Title: Tallis & Tefillin, Bagels & Lox
By: Rabbi Dr. Abraham J. Twerski
Published by: Menucha Publishers
When asked how he could possibly have written 60 different books, Rabbi Dr. Abraham J. Twerski replied that he had not in fact written 60 different books but just one book, in 60 different ways. The main theme that reflected itself in those books was self-esteem, the lack of which, Rabbi Twerski argued, was a primary cause of many psychological and spiritual ailments. Thirty books later, his ninetieth book was published a week before he passed away from Covid-19 in early February 2021. Tallis & Tefillin, Bagels & Lox is both classic Rabbi Twerski and surprisingly divergent.
The thesis of the book is that a spiritual life requires both the classic spiritual elements (tallis and tefillin) and the spiritualizing of the materialistic and physical elements of our being (bagels and lox). For the most part, the book serves as a “best of” Rabbi Dr. Twerski. The chapters are short and sweet, each pertaining to a different important topic related to spirituality and interpersonal effectiveness. Direct and indirect references to his previous works abound, providing brief insights into his most important ideas related to happiness, meaning, materialism, alcoholism, character, marriage, anger, sensitivity, honesty and teshuvah, along with insights into the Jewish holidays.
There are stories and quotes from the Torah and the Talmud, chassidic and mussar masters, experts in psychology, intriguing takeaways from his own personal experience as a psychiatrist treating addictions, and even one Snoopy reference. The stories and tone help keep inherently deep and serious topics easy to read and engaging.
One topic that takes a different turn from his previous works is his elucidation of pain and suffering. Rabbi Dr. Twerski informs us that he had been wheelchair-bound for the last few years of his life, suffering from spinal stenosis as well as polymyalgia rheumatica. Until then, his life, he writes, was free of much adversity. He shares with us how his personal experiences transformed the way he understood the role of suffering. It is hard not to be moved by his candidness in sharing his pain.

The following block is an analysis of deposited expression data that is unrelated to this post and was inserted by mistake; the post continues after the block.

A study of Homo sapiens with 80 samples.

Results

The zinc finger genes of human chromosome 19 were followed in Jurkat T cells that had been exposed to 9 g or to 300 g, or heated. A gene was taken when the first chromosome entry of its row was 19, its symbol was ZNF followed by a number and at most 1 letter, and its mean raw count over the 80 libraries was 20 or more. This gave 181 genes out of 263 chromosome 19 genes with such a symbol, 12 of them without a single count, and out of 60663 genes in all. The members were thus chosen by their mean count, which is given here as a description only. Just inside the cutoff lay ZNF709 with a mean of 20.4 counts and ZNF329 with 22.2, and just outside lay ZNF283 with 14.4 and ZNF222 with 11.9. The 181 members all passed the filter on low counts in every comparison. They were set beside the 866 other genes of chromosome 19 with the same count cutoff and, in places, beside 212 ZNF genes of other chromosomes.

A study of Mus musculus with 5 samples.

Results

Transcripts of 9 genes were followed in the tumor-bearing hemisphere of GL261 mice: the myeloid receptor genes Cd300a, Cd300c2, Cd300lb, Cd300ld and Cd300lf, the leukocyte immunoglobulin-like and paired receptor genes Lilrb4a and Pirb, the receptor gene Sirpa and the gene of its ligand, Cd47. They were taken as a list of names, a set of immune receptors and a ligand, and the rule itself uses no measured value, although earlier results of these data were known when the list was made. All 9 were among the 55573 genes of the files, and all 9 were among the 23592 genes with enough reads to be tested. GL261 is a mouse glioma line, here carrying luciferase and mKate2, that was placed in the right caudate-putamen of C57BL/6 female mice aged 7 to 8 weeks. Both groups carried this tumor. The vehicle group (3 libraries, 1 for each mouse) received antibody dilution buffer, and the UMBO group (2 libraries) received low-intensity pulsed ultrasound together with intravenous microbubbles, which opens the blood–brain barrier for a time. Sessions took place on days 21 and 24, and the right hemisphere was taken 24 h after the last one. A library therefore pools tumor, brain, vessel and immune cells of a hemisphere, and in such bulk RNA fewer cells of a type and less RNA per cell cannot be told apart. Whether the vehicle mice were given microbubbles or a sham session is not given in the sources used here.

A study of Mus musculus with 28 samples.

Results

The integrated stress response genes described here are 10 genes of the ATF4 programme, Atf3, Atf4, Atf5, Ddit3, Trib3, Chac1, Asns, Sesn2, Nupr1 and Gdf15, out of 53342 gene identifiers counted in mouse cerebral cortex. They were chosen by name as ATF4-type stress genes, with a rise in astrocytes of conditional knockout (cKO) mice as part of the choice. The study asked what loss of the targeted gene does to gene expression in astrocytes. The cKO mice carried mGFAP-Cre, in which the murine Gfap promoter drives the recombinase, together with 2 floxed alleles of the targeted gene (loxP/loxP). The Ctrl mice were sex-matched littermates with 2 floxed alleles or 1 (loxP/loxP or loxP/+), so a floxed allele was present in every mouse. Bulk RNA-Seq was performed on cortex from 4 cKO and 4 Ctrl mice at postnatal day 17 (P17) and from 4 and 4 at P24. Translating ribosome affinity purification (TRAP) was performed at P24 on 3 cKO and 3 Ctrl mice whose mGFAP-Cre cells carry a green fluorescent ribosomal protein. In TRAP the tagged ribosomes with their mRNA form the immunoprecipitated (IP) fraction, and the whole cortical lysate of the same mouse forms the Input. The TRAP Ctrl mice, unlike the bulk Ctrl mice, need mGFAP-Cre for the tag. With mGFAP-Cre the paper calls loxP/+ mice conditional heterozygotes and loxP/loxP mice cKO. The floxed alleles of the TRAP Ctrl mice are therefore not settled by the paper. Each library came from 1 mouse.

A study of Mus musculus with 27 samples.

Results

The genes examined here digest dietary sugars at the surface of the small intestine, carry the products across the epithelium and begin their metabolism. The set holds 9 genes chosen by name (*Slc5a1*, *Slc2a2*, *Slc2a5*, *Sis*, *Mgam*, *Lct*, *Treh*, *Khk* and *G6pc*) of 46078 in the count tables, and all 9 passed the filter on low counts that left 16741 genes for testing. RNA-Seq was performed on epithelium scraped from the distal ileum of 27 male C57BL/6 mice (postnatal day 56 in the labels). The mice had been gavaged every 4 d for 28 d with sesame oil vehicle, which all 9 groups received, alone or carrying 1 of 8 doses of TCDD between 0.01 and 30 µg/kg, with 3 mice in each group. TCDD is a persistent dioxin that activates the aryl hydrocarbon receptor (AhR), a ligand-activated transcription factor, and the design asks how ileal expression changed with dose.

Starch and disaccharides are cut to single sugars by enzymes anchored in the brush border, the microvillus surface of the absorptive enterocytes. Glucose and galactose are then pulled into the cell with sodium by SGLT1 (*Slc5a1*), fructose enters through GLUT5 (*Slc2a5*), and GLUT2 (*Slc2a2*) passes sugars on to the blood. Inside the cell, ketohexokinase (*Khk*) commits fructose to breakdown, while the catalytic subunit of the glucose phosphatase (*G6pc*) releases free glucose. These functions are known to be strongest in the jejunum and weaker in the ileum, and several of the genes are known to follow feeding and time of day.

Shockingly, the one topic that we would expect to be accentuated in this landmark ninetieth book, is notably hard to find: namely, self-esteem. To be clear, the undercurrents of the construct are present throughout, but the fact that it is only briefly mentioned once, in passing, buried in a story at the end of the book, is striking. I am not sure if its scarcity is purposeful or not, and we can unfortunately no longer ask Rabbi Twerski his intentions, however, I would like to propose that it is a fitting conclusion to his unparalleled literary output and a touchstone to his profound life.
When Rabbi Twerski wrote off his writing of 60 books as being only one book about self-esteem, his humility concealed and limited his greatness. Yes, self-esteem is essential and was integral to many of his works. But the range of his impact expands far beyond one limited topic. He wrote and guided us on how to live a life infused with meaning and purposefulness, leading ultimately to spiritual, mental and physical flourishing. His 90 books are about so much more than self-esteem alone, and if you want a great glimpse into the expansiveness of his life’s work, read his latest book, Tallis & Tefillin, Bagels & Lox.